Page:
A landmark study linking the measles, mumps and rubella (MMR) vaccine with autism was “an elaborate fraud,” according to a new article in the British Medical Journal (BMJ).
The original study, published in 1998 in the journal Lancet by former doctor Andrew Wakefield, was retracted in February of last year because several elements of the article were found to be incorrect.
But the new findings showed the original study got more than just a few things wrong — it found that Wakefield conducted deliberate fraud by changing and falsifying the medical information of the 12 study subjects so that a link between autism and the vaccine would appear real.
In 2004, many of Wakefield's co-researchers withdrew their names as authors of the 1998 study after it was discovered that Wakefield had been paid by a law firm that was looking to sue the vaccine manufacturer.
Wakefield was stripped of his medical license in May of last year by the British Medical General Council.
“Clear evidence of falsification of data should now close the door on this damaging vaccine scare,” Dr. Fiona Godlee, BMJ editor-in-chief, said in a statement.
British journalist Brian Deer rebutted the original study with seven years' of his own investigative research; the BMJ subjected Deer's work to peer review before publishing his findings.
Wakefield’s original study set off a wave of research to confirm the link between autism and the MMR vaccine, which contained the mercury-containing preservative thimerosal. The Food and Drug Administration recommended the removal of thimerosal from vaccines in 1999 as a precautionary measure, although studies by the administration were unable to find a link between vaccines and autism symptoms.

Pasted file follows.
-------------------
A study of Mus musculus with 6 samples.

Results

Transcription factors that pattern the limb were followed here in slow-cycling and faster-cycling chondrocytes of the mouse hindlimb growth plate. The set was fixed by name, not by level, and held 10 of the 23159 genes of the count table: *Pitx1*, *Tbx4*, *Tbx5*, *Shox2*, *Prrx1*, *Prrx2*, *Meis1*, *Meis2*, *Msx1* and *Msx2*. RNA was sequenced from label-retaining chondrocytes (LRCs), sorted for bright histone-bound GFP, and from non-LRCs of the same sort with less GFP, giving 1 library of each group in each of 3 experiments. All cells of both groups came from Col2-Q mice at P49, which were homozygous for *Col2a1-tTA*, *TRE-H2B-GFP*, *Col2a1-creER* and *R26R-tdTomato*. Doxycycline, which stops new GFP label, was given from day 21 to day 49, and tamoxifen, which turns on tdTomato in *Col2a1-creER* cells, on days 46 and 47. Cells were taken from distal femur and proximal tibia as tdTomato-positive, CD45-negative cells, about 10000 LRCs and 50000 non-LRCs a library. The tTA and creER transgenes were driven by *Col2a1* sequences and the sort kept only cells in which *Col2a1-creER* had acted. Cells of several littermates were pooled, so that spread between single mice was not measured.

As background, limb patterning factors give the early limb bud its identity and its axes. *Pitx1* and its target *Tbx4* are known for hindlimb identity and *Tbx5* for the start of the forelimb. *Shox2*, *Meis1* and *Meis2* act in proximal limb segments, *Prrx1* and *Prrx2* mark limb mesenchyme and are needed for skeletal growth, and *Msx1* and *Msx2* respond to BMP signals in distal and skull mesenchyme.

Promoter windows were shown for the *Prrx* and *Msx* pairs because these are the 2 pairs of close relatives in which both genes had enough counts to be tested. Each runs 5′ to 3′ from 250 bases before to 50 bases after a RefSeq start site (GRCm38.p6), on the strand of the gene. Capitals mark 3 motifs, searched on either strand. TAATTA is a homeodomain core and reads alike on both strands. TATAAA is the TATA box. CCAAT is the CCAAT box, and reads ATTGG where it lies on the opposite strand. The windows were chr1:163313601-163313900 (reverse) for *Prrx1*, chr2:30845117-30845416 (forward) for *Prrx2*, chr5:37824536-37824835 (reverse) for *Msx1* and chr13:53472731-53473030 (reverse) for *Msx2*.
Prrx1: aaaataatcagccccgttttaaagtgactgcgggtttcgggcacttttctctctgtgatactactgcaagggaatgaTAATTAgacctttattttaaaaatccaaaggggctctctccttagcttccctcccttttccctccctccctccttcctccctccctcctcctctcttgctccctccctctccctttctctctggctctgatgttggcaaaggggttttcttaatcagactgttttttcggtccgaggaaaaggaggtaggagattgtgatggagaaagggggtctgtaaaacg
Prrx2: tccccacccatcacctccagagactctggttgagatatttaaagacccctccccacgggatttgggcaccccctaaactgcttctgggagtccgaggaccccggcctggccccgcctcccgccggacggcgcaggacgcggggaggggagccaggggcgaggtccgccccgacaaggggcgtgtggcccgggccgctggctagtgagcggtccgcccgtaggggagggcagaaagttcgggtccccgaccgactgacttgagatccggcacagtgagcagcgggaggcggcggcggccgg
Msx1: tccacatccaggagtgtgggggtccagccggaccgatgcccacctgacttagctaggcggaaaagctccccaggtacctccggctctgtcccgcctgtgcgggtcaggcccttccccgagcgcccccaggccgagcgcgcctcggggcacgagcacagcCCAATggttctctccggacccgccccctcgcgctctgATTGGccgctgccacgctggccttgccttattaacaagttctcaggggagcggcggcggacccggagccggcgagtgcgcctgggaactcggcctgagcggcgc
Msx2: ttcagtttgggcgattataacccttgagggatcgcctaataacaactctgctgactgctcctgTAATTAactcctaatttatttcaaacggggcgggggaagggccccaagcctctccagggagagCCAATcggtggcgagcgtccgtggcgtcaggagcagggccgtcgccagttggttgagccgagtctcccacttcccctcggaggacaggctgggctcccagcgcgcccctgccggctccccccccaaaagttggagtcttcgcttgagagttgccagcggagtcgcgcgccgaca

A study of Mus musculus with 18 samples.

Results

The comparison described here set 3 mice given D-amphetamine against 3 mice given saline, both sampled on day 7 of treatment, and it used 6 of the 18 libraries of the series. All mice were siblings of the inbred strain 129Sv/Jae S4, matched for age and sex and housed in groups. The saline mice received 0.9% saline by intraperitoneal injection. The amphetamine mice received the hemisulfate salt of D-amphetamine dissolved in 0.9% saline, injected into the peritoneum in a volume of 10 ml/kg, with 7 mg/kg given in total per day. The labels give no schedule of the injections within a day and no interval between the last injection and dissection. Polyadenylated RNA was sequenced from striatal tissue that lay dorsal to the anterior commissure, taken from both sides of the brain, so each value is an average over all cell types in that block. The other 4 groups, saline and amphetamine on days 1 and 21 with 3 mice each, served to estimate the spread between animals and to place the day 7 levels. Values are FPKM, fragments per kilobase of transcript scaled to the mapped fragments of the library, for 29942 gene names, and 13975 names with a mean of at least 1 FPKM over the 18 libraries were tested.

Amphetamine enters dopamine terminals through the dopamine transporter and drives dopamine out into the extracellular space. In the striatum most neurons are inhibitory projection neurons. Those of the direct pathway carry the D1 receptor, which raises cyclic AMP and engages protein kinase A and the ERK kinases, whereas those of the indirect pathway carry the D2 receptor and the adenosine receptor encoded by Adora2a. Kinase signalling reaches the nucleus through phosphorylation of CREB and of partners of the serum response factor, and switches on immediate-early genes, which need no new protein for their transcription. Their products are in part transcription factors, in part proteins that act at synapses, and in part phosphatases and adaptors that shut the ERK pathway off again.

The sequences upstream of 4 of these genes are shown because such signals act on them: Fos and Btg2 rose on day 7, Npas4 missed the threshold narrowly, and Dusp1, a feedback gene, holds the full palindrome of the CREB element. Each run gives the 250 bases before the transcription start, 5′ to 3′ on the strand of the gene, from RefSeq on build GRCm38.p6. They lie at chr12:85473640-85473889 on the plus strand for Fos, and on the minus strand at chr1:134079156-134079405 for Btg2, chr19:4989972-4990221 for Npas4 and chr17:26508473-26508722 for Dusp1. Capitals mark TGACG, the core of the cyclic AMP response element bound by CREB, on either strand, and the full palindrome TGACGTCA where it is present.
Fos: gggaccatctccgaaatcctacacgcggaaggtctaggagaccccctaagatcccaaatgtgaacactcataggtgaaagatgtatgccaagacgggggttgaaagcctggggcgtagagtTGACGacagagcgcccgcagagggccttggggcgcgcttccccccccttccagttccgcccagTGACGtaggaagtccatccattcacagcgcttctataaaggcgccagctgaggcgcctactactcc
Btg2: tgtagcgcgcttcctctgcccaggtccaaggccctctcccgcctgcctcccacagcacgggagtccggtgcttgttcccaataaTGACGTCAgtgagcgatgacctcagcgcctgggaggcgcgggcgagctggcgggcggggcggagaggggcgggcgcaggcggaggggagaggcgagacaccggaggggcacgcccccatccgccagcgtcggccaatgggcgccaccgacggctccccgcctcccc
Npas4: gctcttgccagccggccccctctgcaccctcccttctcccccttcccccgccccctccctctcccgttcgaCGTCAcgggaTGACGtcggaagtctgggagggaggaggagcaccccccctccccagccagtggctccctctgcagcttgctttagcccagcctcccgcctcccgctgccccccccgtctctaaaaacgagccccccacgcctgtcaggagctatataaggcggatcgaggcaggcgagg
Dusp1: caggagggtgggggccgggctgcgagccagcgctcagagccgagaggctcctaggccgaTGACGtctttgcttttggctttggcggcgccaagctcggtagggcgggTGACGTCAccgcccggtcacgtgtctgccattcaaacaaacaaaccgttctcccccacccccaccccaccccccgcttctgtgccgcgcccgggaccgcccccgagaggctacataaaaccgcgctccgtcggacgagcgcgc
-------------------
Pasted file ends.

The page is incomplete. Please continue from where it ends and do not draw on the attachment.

In the years since, a number of other studies have been published debunking the link between autism and MMR vaccines. A 2002 study in the New England Journal of Medicine, which followed more than 500,000 Danish children for seven years, found no association between autism and the vaccine.
A study published in the American Journal of Preventive Medicine in 2003 also found no link between autism and vaccines among children in Sweden or Denmark. Additionally, a 2007 study of 1,046 children in the New England Journal of Medicine found no link, nor did a 2008 study of 38 children in the journal PloS ONE.
Most recently, a study published in the journal Pediatrics in October 2010 that studied 256 children who were diagnosed with autism and 752 children who did not have autism found no link between vaccines and the onset of autism.
Pass it on: The BMJ has declared the 1998 study that linked autism with the MMR vaccine an “elaborate fraud.”